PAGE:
Maryland’s Hay Woes (first published in the April 2019 Equiery)

Yes, the rumors are true. Maryland and the mid-Atlantic region are in the midst of a major hay shortage. The Equiery touched base with Maryland hay farmers to find out just what went wrong, where Maryland horse owners can find hay and when the predicted harvests are for 2019.

As everyone is aware, 2018 was wet here in Maryland. In fact, it was record setting wet in Maryland and nearby states. On November 16, 2018, WBALTV reported that the annual rainfall at BWI airport was at an historical high with 63.01 inches of rain falling so far. The previous annual rainfall record of 62.33 inches had been set in 2003.

On January 2, 2019, the Baltimore Sun compiled BWI’s annual report stating that the final rainfall amount for 2018 was 71.82 inches. BWI has been collecting weather reports since 1871. The Baltimore Sun also stated in its January 2 article that Maryland saw 145 days of rain or snow in 2018 and that in Baltimore, it rained an average of 4 days out of every 10 days.

According to the National Weather Service, there were 1,391 flood-related reports made in Maryland in 2018. In comparison, there were only 262 such reports made in 2017.

This wet weather forced many equine competitions and activities to cancel throughout the year and even though 2018 is long over, we are still feeling its effects as wet weather also caused a smaller crop yield for hay farmers.

The Equiery called over 100 hay farmers in Maryland and was able to gain inventory reports from many of them. On average, the hay farmers we spoke with said that in 2018 they were able to harvest two to three cuttings of useable hay, which is low compared to previous years. Some reported hay being harvested correctly but then getting damaged by rain during the drying process. One farmer reported that he even had to re-bale some round bales to save the “good stuff” that was in the inner layers.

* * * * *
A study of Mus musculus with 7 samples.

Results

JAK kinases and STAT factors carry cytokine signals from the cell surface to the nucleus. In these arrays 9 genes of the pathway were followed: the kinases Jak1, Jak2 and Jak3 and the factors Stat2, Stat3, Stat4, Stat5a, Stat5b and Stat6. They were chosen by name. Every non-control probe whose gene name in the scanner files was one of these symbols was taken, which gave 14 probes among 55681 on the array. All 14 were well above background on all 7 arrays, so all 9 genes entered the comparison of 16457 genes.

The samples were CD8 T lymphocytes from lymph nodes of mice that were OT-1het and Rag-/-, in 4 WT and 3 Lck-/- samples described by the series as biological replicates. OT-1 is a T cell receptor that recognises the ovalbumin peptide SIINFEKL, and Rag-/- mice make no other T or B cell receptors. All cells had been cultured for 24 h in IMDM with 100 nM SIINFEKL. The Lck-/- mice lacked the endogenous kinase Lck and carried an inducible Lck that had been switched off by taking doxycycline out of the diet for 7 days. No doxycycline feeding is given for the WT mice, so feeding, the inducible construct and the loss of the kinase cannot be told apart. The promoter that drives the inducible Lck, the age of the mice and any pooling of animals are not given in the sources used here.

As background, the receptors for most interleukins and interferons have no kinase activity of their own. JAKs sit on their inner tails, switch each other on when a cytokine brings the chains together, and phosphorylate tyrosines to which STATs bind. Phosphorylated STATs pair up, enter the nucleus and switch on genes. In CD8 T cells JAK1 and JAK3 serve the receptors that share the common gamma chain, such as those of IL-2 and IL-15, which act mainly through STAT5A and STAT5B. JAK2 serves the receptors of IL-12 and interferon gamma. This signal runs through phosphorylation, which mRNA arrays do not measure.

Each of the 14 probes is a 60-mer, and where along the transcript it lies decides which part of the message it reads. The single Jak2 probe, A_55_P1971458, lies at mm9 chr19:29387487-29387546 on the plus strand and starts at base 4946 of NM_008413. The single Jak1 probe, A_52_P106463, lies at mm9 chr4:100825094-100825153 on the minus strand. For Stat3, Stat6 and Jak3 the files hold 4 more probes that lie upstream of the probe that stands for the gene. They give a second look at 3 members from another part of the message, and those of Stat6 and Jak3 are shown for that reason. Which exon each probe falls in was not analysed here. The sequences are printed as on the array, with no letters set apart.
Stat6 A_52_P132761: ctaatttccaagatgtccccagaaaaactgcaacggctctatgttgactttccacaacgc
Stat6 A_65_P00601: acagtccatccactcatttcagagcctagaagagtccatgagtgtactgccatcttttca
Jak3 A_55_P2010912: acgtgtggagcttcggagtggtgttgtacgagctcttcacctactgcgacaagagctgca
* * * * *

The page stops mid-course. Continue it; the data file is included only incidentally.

Nearly 55% of those we spoke with stated they were sold out of 2018 hay and those who did still have hay in their barns have it saved for current customers or their own animals. The bigger hay dealers in the state promised to find hay for horse owners but warned of ever increasing prices as they have to ship in hay from farther and farther away. One dealer said he is shipping in from upstate New York and as far west as Ohio and another said he was getting hay from Canada. Another dealer said he was able to find compressed bales in Indiana and is shipping these to Maryland.

We were also getting reports from readers of Foxtail showing up in locally grown hay. Foxtail is a poisonous weed that can cause ulcers in horses’ mouths and also GI tract issues. Typically, this region is too dry to support Foxtail. The hay farmers we spoke with were not worried about Foxtail and stated that with proper crop management practices, weeds in hay should not be an issue.
As we head into spring with even more rain and snow falling, hay farmers are already worried about this year’s crop. “It needs to be dry long enough for us to properly prep our fields. We should be doing that now but haven’t been able to,” one farmer stated. Another was worried he won’t see his first harvest ‘til mid-summer if the wet weather continues.

What does this mean for horse owners? Hay prices will continue to rise until the 2019 crops can be harvested. There is no need to panic as hay suppliers will find you hay, it just may cost more than you are used to paying. The best advice we heard from a hay farmer for this year… order your hay early and keep your barn well stocked!

To find a hay supplier near you, go to and click on our updated Hay & Straw Directory.